I had some very good advice from my Concussion Clinic Clinical Psychologist about returning to work. 'Don't expect them to understand. They won't understand and so there's no point trying to make them understand.'
This advice was helpful but in the end, the lack of understanding has caused me problems some of which have needed resolving.
When my Concussion Clinic Occupational Therapist was suggesting it was time to start a phased return to work I had one big worry. People would see me looking like 'me' and their expectations would be based on what they had known of me in the past. This proved to be the case and even now, when I am probably 95% recovered and nearly a year on from my first day back in the workplace this is still the most difficult issue I face.
Most of my colleagues have been great and those that got it wrong in the beginning have seen me improve slowly over time and this has made it clear to them that the initial problems I had were real and very challenging.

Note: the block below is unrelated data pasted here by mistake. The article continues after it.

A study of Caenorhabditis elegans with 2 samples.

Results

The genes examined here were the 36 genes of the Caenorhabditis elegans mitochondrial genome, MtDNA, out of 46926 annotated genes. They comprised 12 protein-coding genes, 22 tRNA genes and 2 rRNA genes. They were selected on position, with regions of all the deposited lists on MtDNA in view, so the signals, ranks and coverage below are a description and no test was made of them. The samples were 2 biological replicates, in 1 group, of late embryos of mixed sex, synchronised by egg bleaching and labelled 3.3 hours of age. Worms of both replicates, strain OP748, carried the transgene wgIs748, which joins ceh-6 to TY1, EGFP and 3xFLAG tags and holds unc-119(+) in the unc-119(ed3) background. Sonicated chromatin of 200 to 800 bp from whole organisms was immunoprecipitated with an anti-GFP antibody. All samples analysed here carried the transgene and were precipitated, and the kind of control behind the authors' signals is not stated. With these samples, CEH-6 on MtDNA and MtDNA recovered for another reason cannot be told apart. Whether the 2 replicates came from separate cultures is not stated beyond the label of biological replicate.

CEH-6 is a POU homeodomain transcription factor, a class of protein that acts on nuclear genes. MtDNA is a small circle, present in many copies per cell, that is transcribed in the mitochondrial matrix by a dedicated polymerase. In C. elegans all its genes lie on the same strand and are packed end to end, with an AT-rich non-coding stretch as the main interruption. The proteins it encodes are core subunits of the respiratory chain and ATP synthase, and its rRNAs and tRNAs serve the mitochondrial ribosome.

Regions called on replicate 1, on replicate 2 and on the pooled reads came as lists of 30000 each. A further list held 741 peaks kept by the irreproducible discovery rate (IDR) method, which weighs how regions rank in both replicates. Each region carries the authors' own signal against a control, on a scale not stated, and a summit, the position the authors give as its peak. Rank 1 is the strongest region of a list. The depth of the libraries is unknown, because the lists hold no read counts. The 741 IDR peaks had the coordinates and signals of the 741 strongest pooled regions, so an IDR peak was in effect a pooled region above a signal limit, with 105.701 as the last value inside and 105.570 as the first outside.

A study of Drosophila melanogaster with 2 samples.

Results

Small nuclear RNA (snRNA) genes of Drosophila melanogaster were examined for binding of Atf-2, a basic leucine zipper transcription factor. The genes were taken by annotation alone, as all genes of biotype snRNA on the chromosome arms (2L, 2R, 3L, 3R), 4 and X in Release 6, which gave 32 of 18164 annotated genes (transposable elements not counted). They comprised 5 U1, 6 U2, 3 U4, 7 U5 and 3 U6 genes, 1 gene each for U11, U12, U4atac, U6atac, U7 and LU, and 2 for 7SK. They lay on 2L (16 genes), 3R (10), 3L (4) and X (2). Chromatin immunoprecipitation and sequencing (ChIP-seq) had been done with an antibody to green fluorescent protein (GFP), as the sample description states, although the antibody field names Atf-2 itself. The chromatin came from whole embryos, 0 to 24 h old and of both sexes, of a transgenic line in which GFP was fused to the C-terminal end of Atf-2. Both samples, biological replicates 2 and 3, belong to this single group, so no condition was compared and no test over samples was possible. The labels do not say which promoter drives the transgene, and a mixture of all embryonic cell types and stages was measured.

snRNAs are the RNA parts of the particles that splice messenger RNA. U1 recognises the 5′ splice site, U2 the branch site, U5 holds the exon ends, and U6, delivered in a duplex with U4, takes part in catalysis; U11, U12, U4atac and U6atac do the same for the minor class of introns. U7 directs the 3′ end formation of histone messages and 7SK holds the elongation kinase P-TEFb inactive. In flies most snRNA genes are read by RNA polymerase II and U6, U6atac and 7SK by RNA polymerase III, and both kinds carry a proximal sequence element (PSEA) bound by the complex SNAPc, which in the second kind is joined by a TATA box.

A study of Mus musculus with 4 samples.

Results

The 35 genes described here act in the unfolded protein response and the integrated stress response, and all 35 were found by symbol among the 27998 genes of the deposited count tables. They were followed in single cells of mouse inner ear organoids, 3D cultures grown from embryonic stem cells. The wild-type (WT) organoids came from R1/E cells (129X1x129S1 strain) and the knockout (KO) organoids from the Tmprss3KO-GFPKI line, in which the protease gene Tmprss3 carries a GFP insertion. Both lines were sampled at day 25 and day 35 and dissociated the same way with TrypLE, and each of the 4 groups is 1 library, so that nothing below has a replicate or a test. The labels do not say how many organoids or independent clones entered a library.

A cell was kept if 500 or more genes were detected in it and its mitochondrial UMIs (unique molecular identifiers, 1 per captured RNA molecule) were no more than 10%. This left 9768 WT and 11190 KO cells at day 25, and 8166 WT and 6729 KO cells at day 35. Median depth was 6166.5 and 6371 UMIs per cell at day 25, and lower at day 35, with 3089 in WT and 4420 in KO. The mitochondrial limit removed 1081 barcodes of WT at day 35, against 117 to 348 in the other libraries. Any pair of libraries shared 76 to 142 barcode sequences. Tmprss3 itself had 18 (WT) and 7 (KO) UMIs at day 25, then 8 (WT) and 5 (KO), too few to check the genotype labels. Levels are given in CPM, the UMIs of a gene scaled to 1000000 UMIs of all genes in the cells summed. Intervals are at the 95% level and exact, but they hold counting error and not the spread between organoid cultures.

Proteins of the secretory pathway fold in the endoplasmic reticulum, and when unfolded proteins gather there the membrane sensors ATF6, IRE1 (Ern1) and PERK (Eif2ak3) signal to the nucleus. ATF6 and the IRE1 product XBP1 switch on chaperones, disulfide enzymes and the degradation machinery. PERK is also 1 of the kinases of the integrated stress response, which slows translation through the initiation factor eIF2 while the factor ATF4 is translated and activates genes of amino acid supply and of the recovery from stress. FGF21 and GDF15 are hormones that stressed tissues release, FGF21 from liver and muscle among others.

|The view at sunset from my work staffroom.|
In the early days I was struggling just to be in the work environment - the bright lights, the noise, all the different people coming and going all the time, trying to look at computer screens although it gave me a headache and nausea, having my breaks in a room full of people all talking at once, laughing, raising voices, gesticulating, and in the middle of this exhausting, brain-energy-draining place I would be asked constantly by people to do things. These would seem like nothing to them but a huge ask for me. Like checking drugs which involves reading a prescription chart, remembering what the chart said long enough to check it against a tablet bottle and a log book. An impossible task for me with my short term memory problems and something I had to be very firm about - I would not do it! It took all my energy to maintain this firm stance.
|Me at work during my return to work|
|Many moons ago during my nursing |
training in Bristol
I'm sure that anyone else who has suffered a head injury and been through a return to work will identify with these problems. I would be interested to know how you have dealt with them. It has been suggested that I move to a job that is less stressful and fast paced. Apart from a very small minority I find my colleagues caring and supportive so I enjoy seeing them. Has anyone been through this experience and had a successful change of job? I would be interested to know your stories of return to work.